We at Frankford Publishing love books. So we spent some time developing a top sci-fi book list over the pandemic. Who are we to be this presumptuous? No one, that’s who. Primarily, we were just bored: the top 20.
The plan is to review every entry in full. But before we get to that, let’s talk about a book that didn’t make the top 20, a so-called classic “The Invisible Man” by H.G. Wells.
Published in 1897, the premise is admittedly original. What would human society look like if a person couldn’t be seen? For old Herbert George, the answer was doing any damn thing one pleased. Such a scientist could steal shillings and pence, push people around, and generally maraud around the English countryside without consequence.
Well, there are some consequences. It’s winter, and invisibility only really works when one is naked. How scandalous and cold. In an unpaved world, footprints remain a problem, and rain causes a glitchy Predator effect. There’s probably a lesson about not being able to outrun oneself in there. H.G. Wells is at his best with these “plot metaphors,” but they are also confusing taken at face value.
The Invisible Man is only comfortable wrapped up like a mummy or in a privately rented room with a roaring fireplace. Most of the Invisible Man’s problems stem from the fact that he’s on the run and people are so nosy. For all their propers, no one had heard of a Do Not Disturb sign in the Victorian age.
Initially, the reader roots for the invisible man to fix himself, using whatever questionable alchemy got him there in the first place. But he keeps doing terrible deeds (done dirt cheap). He’s not really trying to save himself, he’s kind of a bully.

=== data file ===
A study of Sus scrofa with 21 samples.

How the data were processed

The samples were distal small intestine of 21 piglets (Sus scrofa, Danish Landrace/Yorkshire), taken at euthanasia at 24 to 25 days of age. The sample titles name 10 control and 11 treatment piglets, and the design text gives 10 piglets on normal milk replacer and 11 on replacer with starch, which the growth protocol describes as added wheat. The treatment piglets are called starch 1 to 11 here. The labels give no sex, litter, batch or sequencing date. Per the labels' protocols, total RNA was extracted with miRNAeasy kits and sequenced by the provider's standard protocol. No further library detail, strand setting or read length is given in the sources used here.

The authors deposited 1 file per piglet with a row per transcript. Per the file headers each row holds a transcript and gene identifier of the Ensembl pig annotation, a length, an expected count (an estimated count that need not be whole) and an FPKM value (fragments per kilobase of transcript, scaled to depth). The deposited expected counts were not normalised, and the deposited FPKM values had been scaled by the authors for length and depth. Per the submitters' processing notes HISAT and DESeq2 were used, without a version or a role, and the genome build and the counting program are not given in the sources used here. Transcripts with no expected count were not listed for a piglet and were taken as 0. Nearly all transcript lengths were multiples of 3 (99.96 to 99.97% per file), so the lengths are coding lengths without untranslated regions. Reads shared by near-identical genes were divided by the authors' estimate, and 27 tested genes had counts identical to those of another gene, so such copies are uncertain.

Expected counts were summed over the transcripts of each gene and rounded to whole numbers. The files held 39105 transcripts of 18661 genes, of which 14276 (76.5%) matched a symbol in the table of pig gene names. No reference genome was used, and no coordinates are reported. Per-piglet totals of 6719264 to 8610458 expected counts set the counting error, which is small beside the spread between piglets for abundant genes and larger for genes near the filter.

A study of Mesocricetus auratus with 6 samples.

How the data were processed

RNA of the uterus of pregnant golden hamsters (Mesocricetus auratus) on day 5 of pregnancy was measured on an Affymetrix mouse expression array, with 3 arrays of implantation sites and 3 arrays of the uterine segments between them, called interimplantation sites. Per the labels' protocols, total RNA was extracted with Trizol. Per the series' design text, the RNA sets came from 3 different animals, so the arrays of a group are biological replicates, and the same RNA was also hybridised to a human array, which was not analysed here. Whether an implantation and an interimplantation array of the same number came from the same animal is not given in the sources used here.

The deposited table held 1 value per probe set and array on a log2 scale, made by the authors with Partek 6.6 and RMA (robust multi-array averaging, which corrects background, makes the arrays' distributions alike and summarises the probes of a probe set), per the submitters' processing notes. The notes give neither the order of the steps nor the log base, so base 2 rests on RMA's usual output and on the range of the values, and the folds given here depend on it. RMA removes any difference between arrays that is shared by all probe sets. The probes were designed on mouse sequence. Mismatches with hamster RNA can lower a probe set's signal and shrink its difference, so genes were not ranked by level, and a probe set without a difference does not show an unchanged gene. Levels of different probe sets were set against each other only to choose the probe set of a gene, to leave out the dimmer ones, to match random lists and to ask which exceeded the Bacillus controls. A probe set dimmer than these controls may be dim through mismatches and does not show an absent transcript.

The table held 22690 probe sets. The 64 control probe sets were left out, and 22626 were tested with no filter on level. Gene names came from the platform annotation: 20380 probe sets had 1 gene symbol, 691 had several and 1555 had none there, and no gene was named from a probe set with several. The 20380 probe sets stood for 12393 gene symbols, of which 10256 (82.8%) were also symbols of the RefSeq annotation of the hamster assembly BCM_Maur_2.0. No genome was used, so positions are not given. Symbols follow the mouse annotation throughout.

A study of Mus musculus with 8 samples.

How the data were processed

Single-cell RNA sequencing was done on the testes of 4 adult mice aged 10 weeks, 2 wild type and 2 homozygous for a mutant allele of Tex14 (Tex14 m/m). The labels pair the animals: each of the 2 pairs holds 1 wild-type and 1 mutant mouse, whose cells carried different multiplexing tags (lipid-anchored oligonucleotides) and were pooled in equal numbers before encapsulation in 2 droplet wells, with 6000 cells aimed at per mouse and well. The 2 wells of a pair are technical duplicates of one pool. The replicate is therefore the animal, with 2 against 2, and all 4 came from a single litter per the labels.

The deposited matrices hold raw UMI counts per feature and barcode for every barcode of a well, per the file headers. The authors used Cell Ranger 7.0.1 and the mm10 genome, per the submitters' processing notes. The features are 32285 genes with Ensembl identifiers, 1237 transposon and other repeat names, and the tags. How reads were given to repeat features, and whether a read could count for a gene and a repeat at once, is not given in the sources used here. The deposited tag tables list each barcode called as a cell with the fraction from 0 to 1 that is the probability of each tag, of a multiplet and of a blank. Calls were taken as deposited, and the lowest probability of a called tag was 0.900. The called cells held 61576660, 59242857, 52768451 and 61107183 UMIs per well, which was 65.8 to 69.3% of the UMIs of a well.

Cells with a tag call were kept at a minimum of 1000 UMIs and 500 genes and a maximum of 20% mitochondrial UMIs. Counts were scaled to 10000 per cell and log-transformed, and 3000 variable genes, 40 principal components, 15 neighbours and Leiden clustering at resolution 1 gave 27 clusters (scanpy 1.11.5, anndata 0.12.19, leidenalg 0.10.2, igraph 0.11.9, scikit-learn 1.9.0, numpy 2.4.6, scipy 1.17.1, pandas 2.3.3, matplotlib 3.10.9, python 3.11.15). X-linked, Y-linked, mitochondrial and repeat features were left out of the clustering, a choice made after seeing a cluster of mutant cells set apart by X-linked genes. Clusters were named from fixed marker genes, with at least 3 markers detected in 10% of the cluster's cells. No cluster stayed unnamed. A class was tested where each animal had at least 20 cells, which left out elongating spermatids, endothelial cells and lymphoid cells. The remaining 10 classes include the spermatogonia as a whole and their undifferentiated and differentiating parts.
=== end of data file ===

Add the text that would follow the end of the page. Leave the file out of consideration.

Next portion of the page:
Using the parlance of roleplaying, humans who try to make themselves invisible trend toward Chaotic Evil. This is probably a sound judgment in philosophical terms. It’s reasonably Biblical. But as a work of fiction, it leaves the reader without a hero for which to root. The reader gets the sense it’s not going to go well for the Invisible Man, which makes this more of a Horror read than straight-up Science Fiction.
The Invisible Man’s eaten food is visible, which raises all sorts of disgusting questions about digestion and visibility. As a rule of thumb, the less I know about the bowels of the characters, the better. But it takes all types in this world.
There’s a humorous moment when, after IM goes ham in a remote village, the newspapers report it as “Small Town Loses Mind.” There’s something very prescient about misinformation and gaslighting in there.
But ultimately, like this review, the Invisible Man becomes a quest for justice. When (spoiler alert) the title character finally dies and becomes visible, he’s revealed to be an Albino. Gosh, is that even a word we can use anymore? Melaninly challenged is probably the preferred nomenclature. I’m not sure what Wells was trying to say with his lengthy descriptions of how evil and pale this dude was. The mind can come up with creative interpretations.
And, of course, this reviewer would be remiss not to point out Wells’ one regrettable usage of the N-word. We will never really know why he thought that was okay, even in 1897. Strictly in terms of plot construction or character building, none of this talk of skin tone was really necessary. He’s the Invisible Man. One benefit of writing the story of the Invisible Man would be the freedom to leave that conversation behind.
Some say modern readers shouldn’t judge the past by present standards, but it can be done. In Brave New World, Aldous Huxley passed the Bechdel test in 1932. It requires a writer who is not a raging meanie. It’s not tough to ask old Herbert George to spare us the commentary.
So, yeah. It was an interesting read, certainly groundbreaking. The underlying idea has gotten resampled a thousand times since it came out. But in the end, The Invisible Man had certain fatal flaws that it cannot overcome.
VERDICT: Do Not Recommend, two invisible thumbs down.